It’s been 60 years since the Cortland County Historical Society published a book on the county’s history. Some things haven’t changed.
“Agriculture is still so important here,” said author Elizabeth Wavle-Brown. “The industry itself has changed, but the fact that we are still a rural farming community has not changed.”
The new book titled “A Journey Through Time: Cortland County 1958- 2018,” co-written by Wavle-Brown and Jean Edwards, goes on sale Sept. 8 and details what has happened in the county over the last six decades breaking down the chapters with questions like “How do we play?” or “How do we eat?”
The book follows a previous book titled “Cortland County Sesquicentennial 1808-1958,” which encompassed 150 years of county history.
So, what else hasn’t changed?
Discussions are still going on regarding what to do about Main Street in Cortland.
‘A Journey Through Time: Cortland County 1958-2018’
What: Book launch
When: 1 to 4 p.m. Sept. 8
Where: CNY Living History Center, 4386 Route 11, Cortlandville
Where to get it: The book will be available at the Cortland County Historical Society, 25 Homer Ave., Cortland.
Price: $45, with a 10% discount at the book launch.
Online: Check out interviews with county residents on the Cortland County Historical Society’s Youtube page.
“There’s been many initiatives over the years with the underlying concern about merchants leaving downtown,” Wavle- Brown said.
Parts of the county are also still getting infestations of animals, they noted. It was once crows, Brown said and most recently it was rats at Dexter Park in Cortland.
But things have changed over the years, too, they said. Bald eagles are back in both Taylor and Marathon and the Amish community has been growing since it first came to the county in 2010. It’s up to 50 families now and has two schools.
While there has also been a decline in a number of major businesses over the years, smaller ones have popped up — and a lot of breweries, Wavle-Brown said.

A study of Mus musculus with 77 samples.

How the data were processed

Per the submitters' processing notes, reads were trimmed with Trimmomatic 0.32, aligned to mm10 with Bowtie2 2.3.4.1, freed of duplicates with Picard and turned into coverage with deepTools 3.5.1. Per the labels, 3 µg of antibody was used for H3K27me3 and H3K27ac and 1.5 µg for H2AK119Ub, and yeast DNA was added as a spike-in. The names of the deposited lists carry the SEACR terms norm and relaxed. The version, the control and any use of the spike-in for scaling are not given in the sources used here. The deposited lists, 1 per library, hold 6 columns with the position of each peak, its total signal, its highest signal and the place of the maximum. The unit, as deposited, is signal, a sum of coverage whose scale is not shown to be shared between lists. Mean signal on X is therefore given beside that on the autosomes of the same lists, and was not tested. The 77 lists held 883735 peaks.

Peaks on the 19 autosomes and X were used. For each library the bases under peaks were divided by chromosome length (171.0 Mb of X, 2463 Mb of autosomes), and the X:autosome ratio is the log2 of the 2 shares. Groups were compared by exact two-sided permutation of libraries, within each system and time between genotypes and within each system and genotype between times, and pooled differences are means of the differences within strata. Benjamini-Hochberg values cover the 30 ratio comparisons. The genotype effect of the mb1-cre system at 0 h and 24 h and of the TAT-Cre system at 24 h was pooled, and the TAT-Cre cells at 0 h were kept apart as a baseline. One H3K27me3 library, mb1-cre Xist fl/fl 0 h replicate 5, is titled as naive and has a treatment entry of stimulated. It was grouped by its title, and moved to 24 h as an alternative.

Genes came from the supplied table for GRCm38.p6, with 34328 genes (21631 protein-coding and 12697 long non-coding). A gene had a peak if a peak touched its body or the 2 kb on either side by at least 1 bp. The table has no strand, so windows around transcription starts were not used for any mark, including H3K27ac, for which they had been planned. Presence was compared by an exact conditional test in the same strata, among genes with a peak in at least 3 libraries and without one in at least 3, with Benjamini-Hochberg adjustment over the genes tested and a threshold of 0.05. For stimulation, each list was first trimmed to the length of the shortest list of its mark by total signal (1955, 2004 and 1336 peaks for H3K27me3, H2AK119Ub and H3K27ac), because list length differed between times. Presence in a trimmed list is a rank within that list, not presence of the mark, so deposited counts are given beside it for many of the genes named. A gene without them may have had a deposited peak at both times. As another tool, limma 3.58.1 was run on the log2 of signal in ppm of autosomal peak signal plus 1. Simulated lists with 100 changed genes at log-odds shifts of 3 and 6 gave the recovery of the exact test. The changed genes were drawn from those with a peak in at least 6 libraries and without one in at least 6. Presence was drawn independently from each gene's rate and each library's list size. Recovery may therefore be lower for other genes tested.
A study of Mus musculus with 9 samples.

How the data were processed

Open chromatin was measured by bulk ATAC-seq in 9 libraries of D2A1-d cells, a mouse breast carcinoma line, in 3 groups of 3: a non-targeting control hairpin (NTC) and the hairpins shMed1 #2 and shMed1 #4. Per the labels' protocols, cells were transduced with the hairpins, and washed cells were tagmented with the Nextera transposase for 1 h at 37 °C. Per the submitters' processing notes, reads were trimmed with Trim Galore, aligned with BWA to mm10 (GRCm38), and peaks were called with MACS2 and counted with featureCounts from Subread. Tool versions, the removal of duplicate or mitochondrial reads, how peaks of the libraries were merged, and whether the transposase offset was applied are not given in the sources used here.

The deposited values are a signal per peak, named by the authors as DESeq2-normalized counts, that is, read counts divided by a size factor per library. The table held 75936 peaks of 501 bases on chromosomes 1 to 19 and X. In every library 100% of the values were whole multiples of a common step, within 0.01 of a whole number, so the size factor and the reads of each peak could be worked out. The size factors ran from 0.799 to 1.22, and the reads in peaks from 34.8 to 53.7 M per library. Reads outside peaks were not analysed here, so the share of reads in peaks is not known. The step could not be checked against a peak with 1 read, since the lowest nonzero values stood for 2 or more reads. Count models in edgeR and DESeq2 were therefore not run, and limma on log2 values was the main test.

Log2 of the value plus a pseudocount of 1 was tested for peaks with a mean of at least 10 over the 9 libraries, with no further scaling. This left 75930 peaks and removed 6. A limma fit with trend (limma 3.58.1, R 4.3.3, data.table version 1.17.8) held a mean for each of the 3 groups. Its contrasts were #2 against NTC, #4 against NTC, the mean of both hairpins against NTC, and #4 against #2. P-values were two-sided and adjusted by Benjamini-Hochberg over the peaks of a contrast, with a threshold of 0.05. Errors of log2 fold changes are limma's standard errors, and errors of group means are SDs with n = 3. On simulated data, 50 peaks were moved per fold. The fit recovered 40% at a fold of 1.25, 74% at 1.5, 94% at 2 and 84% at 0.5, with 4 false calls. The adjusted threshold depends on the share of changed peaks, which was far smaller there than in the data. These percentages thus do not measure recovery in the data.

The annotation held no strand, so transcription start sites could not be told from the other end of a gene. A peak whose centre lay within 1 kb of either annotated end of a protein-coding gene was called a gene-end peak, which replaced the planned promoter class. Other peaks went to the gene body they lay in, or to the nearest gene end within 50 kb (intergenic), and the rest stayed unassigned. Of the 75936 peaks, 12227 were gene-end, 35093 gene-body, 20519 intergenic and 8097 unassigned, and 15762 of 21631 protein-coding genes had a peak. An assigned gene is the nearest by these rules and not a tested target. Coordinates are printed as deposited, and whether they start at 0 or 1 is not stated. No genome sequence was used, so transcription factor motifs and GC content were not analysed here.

The book, which took three years to put together, was the idea of historical society member John Mandarano.
“He suggested it and initially it was like, ‘hmm that would be a lot of work’ and then we decided it really needed to happen because we’ll lose some of this history if we don’t do it now,” Edwards said.
The book includes:
- 220 stories.
- More than 1,000 photographs.
- 22 pages of color photographs.
- 52 pages of ads.
The way the book goes about telling Cortland’s history is also different that the sesquicentennial book.
“We tried to get people to write their own stories because they would obviously know more than we would,” Wavle- Brown said. And people did — 125 people shared their stories and photos.
They also changed the book’s structure to answer questions like “Who are we?” rather than just being broken down by categories like business, religions or schools.
The book includes more photos, the authors said, noting they probably took more than 6,000 before deciding which to use. One of Edwards’ favorites is a photo of a cow on the cover.
“We tried to go with more pictures because when I see people looking through this book they’re flipping through looking at the pictures initially, anyway,” Edwards said.
The 430-page book is also 130 pages longer than planned.
They said interest in the book has been phenomenal, with 200 people seeking to buy one. The organization printed 300 copies using Cortland Press & Carbon Copies and will continue printing books until sales slow down.
However, Tabitha Scoville, the director of the historical society, said she doesn’t think that will happen until the end of the year.
Money from the sales will go to support the historical society.
“This is a pretty big fundraiser for us,” Wavle-Brown said.
“Initially we’ll use it to keep printing books,” Edwards added.
The authors hope people will read the book and want to take a trip to discover the same beauty they saw.
“For us it was just a real joy to get out and see the county and I think a lot of people don’t get out there to travel and see what great stuff there is here and so we tried to make this really positive,” Wavle-Brown said.